Menstrual leave, a concept gaining traction globally, is an employment policy that allows women to take time off from work during their menstrual cycle. The idea behind menstrual leave is rooted in recognizing the unique challenges and health issues that women face during menstruation.
While this policy has been embraced by several countries, India has yet to adopt this progressive approach towards women’s health and workplace equality. Recently, the topic has gained more traction due to the discussion of the same in the Parliament.
Smriti Irani, the Minister of Women and Child Development remarked that “As a menstruating woman, menstruation and the menstruation cycle is not a handicap, it’s a natural part of women’s life journey…We should not propose issues where women are denied equal opportunities just because somebody who does not menstruate has a particular viewpoint towards menstruation”.
Understanding Menstrual Health
Menstruation is a natural biological process that affects half of the world’s population. Despite its universality, menstrual health is often overlooked and stigmatized. Many women experience physical and emotional discomfort during their periods, including symptoms such as cramps, fatigue, headaches, and mood swings. Ignoring these challenges can adversely impact women’s well-being and productivity, both in their personal and professional lives.
Main Argument of the Opposition and Why Is it Wrong
Critics argue that it might lead to discrimination or that some women may feel pressured not to take advantage of such policies. They say that this will be a setback to all the progress that has been made so far in gender equality. This is not true. The society will never be fully ready to accept the changes that are imperative to attain gender equality but this does not mean that we will keep waiting for every person to get on board. The patriarchal system keeps manifesting itself, and the people who are benefitting from it would never want it to change. But that is irrelevant.
The argument that companies will start hiring fewer women employees if the menstrual leave policy is implemented is incomplete and flawed. If we keep waiting for all the corporations, which mind you, are the flagbearers of oppressive institutions like capitalism and patriarchy, who are the ones enabling other gender issues in the workplace like the pay gap, then such important changes would never be undertaken.
Systems and institutions are built around people, for people, not the other way around. People shouldn’t have to adjust their natural being around these manmade institutions. Most of the systems that exist today have been made around the conveniences and capabilities of men due to the obvious existence of Patriarchy since time immemorial. From car seats to CEO positions, everything is according to men, and for men, made to serve them. Since, now, people are finally understanding that women are also equally humans and so, very much capable of doing all these things, the hour demands that these institutions mend themselves.
The Need for Menstrual Leave
1. Health and Well-being:
Women often push through pain and discomfort at the workplace due to the absence of menstrual leave. Implementing this policy would acknowledge the physical and emotional toll menstruation can take on women, allowing them the necessary time to rest and recover.
2. Increased Productivity:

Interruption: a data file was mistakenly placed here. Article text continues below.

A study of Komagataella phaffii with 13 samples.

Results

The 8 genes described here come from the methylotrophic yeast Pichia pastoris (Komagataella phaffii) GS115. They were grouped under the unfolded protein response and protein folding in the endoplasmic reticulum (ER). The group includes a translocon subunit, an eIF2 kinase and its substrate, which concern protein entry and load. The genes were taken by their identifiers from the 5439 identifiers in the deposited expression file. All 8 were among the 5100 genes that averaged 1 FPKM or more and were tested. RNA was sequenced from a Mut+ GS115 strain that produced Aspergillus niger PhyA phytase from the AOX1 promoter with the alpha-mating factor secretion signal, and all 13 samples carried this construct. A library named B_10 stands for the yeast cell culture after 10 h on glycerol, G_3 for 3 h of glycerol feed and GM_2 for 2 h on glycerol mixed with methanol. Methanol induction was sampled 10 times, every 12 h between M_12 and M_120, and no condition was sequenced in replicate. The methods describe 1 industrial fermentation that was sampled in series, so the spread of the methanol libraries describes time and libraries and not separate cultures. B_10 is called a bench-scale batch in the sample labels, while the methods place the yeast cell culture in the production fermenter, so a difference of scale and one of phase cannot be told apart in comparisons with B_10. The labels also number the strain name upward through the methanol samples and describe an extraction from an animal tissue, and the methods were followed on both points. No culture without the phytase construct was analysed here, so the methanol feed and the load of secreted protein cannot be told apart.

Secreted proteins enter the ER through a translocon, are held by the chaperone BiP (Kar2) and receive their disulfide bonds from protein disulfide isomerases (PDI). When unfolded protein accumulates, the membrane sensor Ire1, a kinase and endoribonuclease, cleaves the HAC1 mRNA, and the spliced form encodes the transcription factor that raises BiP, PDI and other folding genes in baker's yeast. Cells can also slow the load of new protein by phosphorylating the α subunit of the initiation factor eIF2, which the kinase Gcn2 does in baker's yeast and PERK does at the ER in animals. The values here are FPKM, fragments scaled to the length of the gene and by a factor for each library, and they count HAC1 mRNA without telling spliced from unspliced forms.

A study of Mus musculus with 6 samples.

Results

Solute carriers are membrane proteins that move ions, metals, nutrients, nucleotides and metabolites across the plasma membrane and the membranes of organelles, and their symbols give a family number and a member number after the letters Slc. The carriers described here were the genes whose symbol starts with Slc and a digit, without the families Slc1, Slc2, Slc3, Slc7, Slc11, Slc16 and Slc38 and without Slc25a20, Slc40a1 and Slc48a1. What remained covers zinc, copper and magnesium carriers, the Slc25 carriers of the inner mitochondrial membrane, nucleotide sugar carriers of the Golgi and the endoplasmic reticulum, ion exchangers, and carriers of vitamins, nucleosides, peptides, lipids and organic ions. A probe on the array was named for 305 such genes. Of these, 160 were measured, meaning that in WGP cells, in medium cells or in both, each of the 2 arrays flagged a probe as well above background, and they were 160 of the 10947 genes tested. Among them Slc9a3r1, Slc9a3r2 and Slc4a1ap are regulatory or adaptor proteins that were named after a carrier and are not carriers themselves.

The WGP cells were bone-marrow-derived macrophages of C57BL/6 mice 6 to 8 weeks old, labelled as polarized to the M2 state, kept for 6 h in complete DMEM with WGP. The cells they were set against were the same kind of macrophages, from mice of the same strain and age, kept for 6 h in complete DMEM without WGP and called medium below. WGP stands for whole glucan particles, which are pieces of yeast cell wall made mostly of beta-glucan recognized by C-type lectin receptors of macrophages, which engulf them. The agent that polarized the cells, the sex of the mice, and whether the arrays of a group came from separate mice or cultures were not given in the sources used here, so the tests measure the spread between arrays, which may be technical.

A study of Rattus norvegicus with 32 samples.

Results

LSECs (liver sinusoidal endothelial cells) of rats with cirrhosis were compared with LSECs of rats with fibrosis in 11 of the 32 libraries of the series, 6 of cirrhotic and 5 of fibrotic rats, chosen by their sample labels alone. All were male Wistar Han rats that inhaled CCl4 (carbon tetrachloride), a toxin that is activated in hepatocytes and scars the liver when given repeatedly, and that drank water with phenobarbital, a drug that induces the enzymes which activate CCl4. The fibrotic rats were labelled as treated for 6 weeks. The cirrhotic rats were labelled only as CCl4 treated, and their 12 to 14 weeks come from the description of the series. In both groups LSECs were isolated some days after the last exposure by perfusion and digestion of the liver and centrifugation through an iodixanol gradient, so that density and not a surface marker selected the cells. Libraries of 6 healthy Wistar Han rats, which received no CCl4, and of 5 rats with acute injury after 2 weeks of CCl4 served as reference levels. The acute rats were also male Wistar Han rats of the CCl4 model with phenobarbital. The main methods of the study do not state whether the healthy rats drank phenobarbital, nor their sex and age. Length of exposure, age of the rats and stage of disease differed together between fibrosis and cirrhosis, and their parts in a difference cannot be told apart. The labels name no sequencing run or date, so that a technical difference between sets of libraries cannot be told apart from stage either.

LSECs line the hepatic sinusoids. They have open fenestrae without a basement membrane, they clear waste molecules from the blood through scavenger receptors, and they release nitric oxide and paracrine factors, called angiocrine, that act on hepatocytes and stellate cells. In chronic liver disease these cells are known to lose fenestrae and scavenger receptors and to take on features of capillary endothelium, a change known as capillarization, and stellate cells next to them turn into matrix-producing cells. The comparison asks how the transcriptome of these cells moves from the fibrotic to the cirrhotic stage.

Contrary to the belief that menstrual leave might lead to decreased productivity, providing women with the option to take time off when needed can enhance overall productivity. When employees are physically and mentally well, they are likelier to perform at their best.
3. Reducing Presenteeism:
Presenteeism, the phenomenon of employees showing up to work while unwell, is a prevalent issue in workplaces. Menstrual leave can help reduce presenteeism by encouraging women to prioritize their health and well-being without the fear of negative consequences.
4. Gender Equality:
Menstrual leave can play a crucial role in promoting gender equality in the workplace. By recognizing and addressing the specific needs of women, it contributes to a more inclusive and supportive work environment. This can, in turn, help bridge gender gaps in various professional spheres.
5. Changing Cultural Norms:
The implementation of menstrual leave can challenge existing cultural norms and taboos surrounding menstruation. It sends a powerful message that women’s health is a priority and contributes to reshaping societal attitudes towards menstruation.
Global and Regional Examples of Menstrual Leave Policies
Several countries have already embraced menstrual leave policies, showcasing the positive impact such measures can have on women’s health and workplace dynamics. For instance, Japan, South Korea, Taiwan, and Indonesia have legislation or company policies that allow women to take time off during their menstrual cycles.
Even in India, Bihar was the first state to implement a menstrual leave policy in the year 1992. Similarly, Kerala took a step on January 19, 2023, by issuing an order for menstrual leave in all state-run higher education institutions.
In conclusion, the implementation of menstrual leave in India is not just a matter of convenience; it is a step towards recognizing and prioritizing women’s health and well-being. By acknowledging women’s unique challenges during menstruation, we contribute to building a more compassionate and equitable workplace.
As India progresses towards greater gender equality, the adoption of menstrual leave policies should be a priority, not just for the benefit of women but for the overall advancement of society. It’s time to break the silence, challenge the stigma, and embrace a more inclusive and supportive approach to women’s health in the workplace.